Finding the Right Tech Partner

Finding the Right Tech Partner

What do you look for in an integrator?

For builders and remodelers looking to partner with a technology integrator, it’s important that you find someone who’s trustworthy and competent — and you’ll also want someone who understands YOUR processes and needs.

To that end, we asked a general contractor/remodeler (Christopher Wright, WrightWorks, LLC) and an architectural designer (Adam Gibson, Adam Gibson Design) this simple question:

What do you look for in an integrator?

Christopher Wright: In many ways, I look for things that I look for in any vendor that I work with, whether that's my plumbing distributor, my lighting distributor, whoever. I look for people that will take care of my client, that will communicate well, that will understand we're all working toward the same goal and none of us is the most important person at the table, but we all have an input to give that's going to further the experience.

I want to give them a comfort level that communicates: "Okay, we're not just going to over-sell you." I want to make sure that the juice is worth the squeeze; that we're not just putting in gimmicks.

When we design a kitchen, you're asking a client, "How do you live? How do you cook? Where do you like to put things?" When it comes to technology we ask that client, "Tell me about your current experience with your network? What devices do you have? Where do you want to watch content? Where does that content come from?" Then we go from there with the integrator.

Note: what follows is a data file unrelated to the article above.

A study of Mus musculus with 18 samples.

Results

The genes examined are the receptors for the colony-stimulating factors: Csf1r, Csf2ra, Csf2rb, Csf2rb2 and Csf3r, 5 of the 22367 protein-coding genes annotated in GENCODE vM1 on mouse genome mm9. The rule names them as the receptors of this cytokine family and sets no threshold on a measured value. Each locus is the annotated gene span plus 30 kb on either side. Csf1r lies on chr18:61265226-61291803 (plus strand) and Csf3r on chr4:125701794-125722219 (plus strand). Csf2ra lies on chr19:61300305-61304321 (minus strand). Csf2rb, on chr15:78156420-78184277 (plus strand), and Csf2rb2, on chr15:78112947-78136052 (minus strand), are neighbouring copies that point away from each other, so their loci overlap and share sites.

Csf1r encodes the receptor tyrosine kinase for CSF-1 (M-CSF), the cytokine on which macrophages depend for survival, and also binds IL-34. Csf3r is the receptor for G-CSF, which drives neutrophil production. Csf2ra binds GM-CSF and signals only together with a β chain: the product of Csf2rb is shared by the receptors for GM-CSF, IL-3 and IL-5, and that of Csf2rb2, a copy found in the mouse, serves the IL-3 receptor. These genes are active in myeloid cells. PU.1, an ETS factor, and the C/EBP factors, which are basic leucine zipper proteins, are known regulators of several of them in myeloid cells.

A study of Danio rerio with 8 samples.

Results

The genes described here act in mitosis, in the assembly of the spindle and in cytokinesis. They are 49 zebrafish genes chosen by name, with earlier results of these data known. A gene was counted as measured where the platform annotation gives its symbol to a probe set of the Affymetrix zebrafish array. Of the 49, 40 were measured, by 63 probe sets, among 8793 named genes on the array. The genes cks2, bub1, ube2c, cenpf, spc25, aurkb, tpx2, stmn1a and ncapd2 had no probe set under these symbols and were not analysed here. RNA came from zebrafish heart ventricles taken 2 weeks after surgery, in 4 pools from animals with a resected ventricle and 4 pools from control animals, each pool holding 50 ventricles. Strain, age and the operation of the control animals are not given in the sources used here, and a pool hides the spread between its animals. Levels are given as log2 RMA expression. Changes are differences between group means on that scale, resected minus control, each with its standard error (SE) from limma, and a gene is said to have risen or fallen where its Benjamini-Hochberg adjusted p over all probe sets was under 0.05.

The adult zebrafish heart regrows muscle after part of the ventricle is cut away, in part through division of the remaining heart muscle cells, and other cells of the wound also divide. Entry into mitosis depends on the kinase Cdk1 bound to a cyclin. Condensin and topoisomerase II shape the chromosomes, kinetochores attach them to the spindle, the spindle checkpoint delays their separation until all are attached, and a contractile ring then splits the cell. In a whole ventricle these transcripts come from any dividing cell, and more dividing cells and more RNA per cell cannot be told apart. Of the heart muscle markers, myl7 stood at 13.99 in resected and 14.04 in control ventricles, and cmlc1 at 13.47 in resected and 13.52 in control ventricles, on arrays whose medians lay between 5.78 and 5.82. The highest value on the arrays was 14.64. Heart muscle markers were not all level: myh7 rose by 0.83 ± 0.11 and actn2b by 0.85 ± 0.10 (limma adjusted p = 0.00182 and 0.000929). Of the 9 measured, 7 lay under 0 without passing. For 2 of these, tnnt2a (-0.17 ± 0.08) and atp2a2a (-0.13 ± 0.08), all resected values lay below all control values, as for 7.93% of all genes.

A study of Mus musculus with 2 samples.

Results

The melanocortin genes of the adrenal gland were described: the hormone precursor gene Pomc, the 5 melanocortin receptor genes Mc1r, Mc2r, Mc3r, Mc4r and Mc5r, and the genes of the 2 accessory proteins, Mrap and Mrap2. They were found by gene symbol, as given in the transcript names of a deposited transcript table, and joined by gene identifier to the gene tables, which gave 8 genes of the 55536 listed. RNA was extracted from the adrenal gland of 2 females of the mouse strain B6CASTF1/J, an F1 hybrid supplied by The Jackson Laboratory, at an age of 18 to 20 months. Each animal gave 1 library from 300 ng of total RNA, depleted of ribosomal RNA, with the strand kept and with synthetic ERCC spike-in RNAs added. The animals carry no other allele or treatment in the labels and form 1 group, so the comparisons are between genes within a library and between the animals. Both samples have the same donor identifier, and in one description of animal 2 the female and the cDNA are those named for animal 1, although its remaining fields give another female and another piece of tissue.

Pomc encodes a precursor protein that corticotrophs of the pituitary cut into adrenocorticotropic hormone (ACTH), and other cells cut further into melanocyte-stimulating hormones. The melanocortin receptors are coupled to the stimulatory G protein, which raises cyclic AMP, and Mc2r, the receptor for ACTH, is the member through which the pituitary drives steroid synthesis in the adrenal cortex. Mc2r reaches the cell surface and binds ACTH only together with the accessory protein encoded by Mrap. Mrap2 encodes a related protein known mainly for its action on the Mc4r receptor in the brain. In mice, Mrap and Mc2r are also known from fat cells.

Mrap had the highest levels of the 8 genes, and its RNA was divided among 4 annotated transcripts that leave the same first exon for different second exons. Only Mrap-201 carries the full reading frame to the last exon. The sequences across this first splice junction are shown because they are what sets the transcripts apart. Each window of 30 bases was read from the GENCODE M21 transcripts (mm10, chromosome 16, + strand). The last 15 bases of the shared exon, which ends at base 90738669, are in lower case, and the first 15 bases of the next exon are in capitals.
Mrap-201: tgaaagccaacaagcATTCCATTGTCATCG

Gibson, Wright

Adam Gibson: Communication is absolutely key. I really want to understand everything that the integrator wants to do, scheduling-wise. I want to make sure that they're not going to slow things down and that they are delivering the best results for the client.

I do appreciate an integrator who will show clients things they may not realize they could have. Not necessarily trying to upsell them, mind you — but if they don't realize that they could have a lighted pathway from their garage to their kitchen, to let them know: "Actually, with a push of a button from your car, we can provide that lighted walk." As designers, we don't think about those things. We just think about how things look or how things function, but we don't think about the technology that we can offer.